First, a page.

31 March 2023
Molten Salt Reactor (MSR): Nuclear Explained
What if you could build a vessel that doesn’t need to refuel for 25 years and could still sail at a higher service speed than normal despite more stringent emission requirements?
This could become a reality. A new type of nuclear-powered vessel is on the horizon, using the Molten Salt Reactor (MSR).
But what is a Molten Salt Reactor? How does it work?
A Molten Salt Reactor (MSR) is an advanced nuclear reactor that uses a liquid fuel. Note that, most conventional reactors use solid fuel instead. The fuel-salt in an MSR contains the uranium fuel which keeps the fuel-salt liquid at high temperature
Nuclear science is of course a very specialized subject. But in simple terms, MSRs operate on the same principle as a current nuclear power reactor. Particulrly, using controlled fission (the splitting of a large atom into smaller atoms to release energy). The heat generated by fission produces steam which drives electricity-generating turbines.
But there is a key difference with the MSR. Molten salt flows in the reactor core, which acts as both a fuel and a coolant. In contrast, current operating reactors use solid fuel rods and require a highly pressurized water coolant system.
This means the MSR generates less waste, and can operate at higher temperatures, which leads to increased efficiencies. Additionally, used at low operating pressures, which can reduce the risk of coolant loss. Therefore, the MSR is considerably safer than current reactor technology and more suited to a maritime applications.
How MSR Works?
By absorbing neutrons from the fission process, natural Uranium can transmute into fissile material, thereby ‘breeding’ some additional fuel. The fast spectrum MSR elegantly consumes this additional fuel, making it more efficient. Imagine a combustion engine that could consume its own exhaust gas!
In an MSR there are no fuel assembly structures like cladding, fuel ducts, and grid spacers which can lose valuable neutrons. This too improves the fuel efficiency and economics of the MSR.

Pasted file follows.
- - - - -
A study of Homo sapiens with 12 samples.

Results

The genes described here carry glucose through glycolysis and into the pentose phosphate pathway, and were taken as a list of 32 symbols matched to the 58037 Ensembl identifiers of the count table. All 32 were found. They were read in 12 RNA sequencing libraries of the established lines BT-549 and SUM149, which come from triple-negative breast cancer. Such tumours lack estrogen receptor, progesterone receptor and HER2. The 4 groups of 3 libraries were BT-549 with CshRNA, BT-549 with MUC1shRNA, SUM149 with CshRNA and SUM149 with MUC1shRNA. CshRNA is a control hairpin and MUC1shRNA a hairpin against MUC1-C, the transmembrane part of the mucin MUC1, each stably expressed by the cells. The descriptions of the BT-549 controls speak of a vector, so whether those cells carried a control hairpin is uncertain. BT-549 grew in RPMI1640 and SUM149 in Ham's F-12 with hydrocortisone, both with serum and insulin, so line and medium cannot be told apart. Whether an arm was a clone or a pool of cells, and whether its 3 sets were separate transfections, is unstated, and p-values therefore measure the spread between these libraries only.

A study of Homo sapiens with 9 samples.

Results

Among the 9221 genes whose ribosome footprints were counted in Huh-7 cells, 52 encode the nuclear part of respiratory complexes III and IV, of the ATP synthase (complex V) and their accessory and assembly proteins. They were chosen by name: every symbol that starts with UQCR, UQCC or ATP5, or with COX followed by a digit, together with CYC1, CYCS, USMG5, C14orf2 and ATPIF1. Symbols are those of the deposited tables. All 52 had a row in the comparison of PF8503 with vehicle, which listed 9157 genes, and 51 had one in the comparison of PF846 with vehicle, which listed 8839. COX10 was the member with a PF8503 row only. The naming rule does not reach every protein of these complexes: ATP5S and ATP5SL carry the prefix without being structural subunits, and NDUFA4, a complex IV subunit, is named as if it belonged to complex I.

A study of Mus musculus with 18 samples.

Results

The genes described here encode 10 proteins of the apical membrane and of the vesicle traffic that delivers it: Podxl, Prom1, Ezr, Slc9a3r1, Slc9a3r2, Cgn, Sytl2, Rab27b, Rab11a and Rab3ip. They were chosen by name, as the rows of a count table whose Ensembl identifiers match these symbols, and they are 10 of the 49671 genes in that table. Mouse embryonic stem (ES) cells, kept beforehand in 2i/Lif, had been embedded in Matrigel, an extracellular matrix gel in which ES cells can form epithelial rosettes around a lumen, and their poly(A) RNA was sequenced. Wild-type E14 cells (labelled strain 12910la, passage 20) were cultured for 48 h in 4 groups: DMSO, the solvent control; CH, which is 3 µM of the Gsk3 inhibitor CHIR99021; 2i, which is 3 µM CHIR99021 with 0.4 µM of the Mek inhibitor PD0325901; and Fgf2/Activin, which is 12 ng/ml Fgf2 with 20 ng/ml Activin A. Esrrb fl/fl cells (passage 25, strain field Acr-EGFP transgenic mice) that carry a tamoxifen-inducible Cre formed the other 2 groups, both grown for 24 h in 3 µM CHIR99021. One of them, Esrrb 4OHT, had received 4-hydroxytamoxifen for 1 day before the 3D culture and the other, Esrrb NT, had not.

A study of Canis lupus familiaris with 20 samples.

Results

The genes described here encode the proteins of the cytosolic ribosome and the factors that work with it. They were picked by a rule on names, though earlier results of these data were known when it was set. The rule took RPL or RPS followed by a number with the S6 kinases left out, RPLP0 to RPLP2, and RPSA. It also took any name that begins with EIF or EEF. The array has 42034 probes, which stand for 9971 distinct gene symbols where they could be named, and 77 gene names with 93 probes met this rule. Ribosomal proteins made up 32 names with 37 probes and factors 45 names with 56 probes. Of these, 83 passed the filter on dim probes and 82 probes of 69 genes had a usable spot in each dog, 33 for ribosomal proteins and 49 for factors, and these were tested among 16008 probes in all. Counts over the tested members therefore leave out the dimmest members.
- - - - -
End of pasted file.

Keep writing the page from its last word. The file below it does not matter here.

The chloride salt, used in the MSR, melts at above 400 °C and has over 1,000 °C of operating range below its boiling point. Other salts are usable, but the fast spectrum MSR prefers chloride salt (NaCl).
It is the fission (sustained chain reaction) of the uranium which produces the heat that keeps the salt liquid (hence molten salt). Conventional reactors must be shut down to move fuel around or put new fuel in.
In an MSR this can occur while the machine is at full power, by gradual addition of more oxide fuel into the salt. In this regard, the MSR can run for a very long time without stopping.
This allows for very high-capacity factors and improves the economics of power generation. MSRs still must shut down for maintenance, but they will run for a long time between service intervals.
As the liquid fuel circulates around the core chamber of the MSR, powerful heat exchangers pick up the generated heat and transport it to the power conversion system, which generates electric power.
With few moving parts, no fuel assemblies or coolant to exchange, the MSR can largely operate on its own in a closed chamber, which provides shielding from the external environment.
“New advanced nuclear technologies in small mass manufactured formats can provide 100% clean, reliable and affordable electric power to transform heavy transport and industry to true zero emissions. Without it, we cannot solve the climate change riddle.”CORE POWER (UK) Ltd.
Full power wind propulsion will soon be available to existing ships. A bold and surprising statement, perhaps, but one which I believe to be true. SKYTUG, which is being developed by my company, Bluewater Engineering, is a wind propulsion concept with a novel twist – the sails aren’t attached to the ship.